The stars of the ocean – bluefin tuna, salmon, whales and seabirds – suffer from dwindling food supplies as a result of heavy fishing driven by the demands of fish farms and climate change, according to a study released Monday.
Seven of the world’s 10 largest commercial fisheries include small fish such as herring, anchovy, pollock, mackerel and whiting, which support the vast ocean web of big fish, marine mammals and birds, said the study by Oceana, a worldwide environmental group.
The loss of food at the bottom of the ocean food chain harms a range of species, resulting in malnutrition, death of offspring or disruption in migration and breeding patterns, Margot Stiles, lead author and Oceana marine biologist, said Monday.
“These fish may be small. They’re not glamorous. But they do all of the work in the ocean,” Stiles said. “They’re the foundation of the food web. Without them, we would lose the things we really care about – the seabirds, whales, tuna and salmon.”
Most small prey, or forage fish, are being caught at maximum levels or are currently overexploited, the study said.
Oceana and another group, Ocean Conservancy, are asking for catch limits that would protect existing fisheries. They also want prohibitions on starting new fisheries of prey species.
A ban on krill fishing adopted three years ago by the Pacific Fishery Management Council, which regulates federal waters off California, Oregon and Washington, has been held up by the U.S. Commerce Department’s National Oceanic and Atmospheric Administration.
Scientific and environmental groups are asking officials in the Obama administration to approve the West Coast ban on krill fishing and to extend catch limits to other prey species.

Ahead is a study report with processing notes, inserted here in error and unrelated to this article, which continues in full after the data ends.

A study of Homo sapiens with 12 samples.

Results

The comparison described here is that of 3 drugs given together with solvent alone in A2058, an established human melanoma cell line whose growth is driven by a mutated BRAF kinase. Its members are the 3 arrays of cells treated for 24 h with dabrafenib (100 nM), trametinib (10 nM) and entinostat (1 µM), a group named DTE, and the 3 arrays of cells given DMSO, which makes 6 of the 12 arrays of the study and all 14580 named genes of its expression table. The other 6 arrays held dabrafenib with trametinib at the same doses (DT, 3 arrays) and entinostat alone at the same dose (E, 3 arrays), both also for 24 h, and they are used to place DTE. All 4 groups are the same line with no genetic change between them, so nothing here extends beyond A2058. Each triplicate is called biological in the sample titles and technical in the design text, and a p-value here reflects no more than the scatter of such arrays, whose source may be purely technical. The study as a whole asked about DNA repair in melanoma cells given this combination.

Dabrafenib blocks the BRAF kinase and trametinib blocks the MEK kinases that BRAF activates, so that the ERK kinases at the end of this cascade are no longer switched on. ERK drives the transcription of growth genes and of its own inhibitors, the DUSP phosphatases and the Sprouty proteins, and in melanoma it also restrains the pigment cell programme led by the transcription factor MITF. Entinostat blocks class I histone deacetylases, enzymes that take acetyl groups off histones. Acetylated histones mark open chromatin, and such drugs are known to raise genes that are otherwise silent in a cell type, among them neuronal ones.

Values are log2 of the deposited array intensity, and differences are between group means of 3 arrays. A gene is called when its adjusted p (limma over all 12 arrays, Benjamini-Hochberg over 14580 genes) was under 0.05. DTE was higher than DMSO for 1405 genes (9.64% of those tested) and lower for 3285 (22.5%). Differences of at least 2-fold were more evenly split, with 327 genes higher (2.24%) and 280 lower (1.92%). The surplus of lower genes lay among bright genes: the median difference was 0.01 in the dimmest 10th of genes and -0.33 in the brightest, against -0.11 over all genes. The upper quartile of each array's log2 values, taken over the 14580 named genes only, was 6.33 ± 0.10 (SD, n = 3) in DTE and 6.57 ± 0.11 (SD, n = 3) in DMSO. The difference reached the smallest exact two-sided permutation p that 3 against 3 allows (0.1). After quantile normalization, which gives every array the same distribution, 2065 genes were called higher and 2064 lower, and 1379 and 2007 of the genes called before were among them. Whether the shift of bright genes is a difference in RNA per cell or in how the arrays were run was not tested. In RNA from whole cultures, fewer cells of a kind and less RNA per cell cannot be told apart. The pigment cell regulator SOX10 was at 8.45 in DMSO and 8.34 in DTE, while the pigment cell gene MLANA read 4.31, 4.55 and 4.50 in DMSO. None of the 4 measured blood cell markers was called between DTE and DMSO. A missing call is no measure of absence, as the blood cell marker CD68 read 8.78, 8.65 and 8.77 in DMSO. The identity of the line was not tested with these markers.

The study’s release Monday coincides with the issuance of the United Nations Food and Agriculture Organization’s State of the World Fisheries and Aquaculture biennial report, which documents the gradual decline in the wild catch and the depletion of important fisheries.
Fish farms, known as aquaculture, are overtaking commercial fishing as the prime supply of the world’s seafood, the U.N. report said.
The Oceana study, entitled, “Hungry Oceans: What Happens When the Prey Is Gone,” focuses on three threats:
— Overfishing of prey species are going unregulated, including immense stores of squid and krill. Whole schools of fish that feed tuna, whales and other long-lived animals and drive migrations are caught in nets, particularly by industrial fishing vessels.
— Fish farms are driving the need for small species, which are turned into oil or feed. They use more of the ocean’s protein than they produce. An estimated 4 to 11 pounds of prey fish are consumed to grow 1 pound of farmed salmon.
— Warming ocean temperatures in the past century – and projected to rise in the coming decades – affect sea life survival. Changes in temperature and prevailing currents may sweep away newly hatched eggs and larvae, and hurricanes can wipe out a generation of larval fish.
Climate change also interferes with the timing of life cycles. The food for seabirds and salmon, for example, must be available when they need it. If not, seabirds don’t reproduce or their offspring die, and salmon don’t survive when they get to the ocean.
Oceana has lobbied for bans on commercial fishing of krill in the Antarctica, Japan and British Columbia and the Gulf of St. Lawrence in Canada.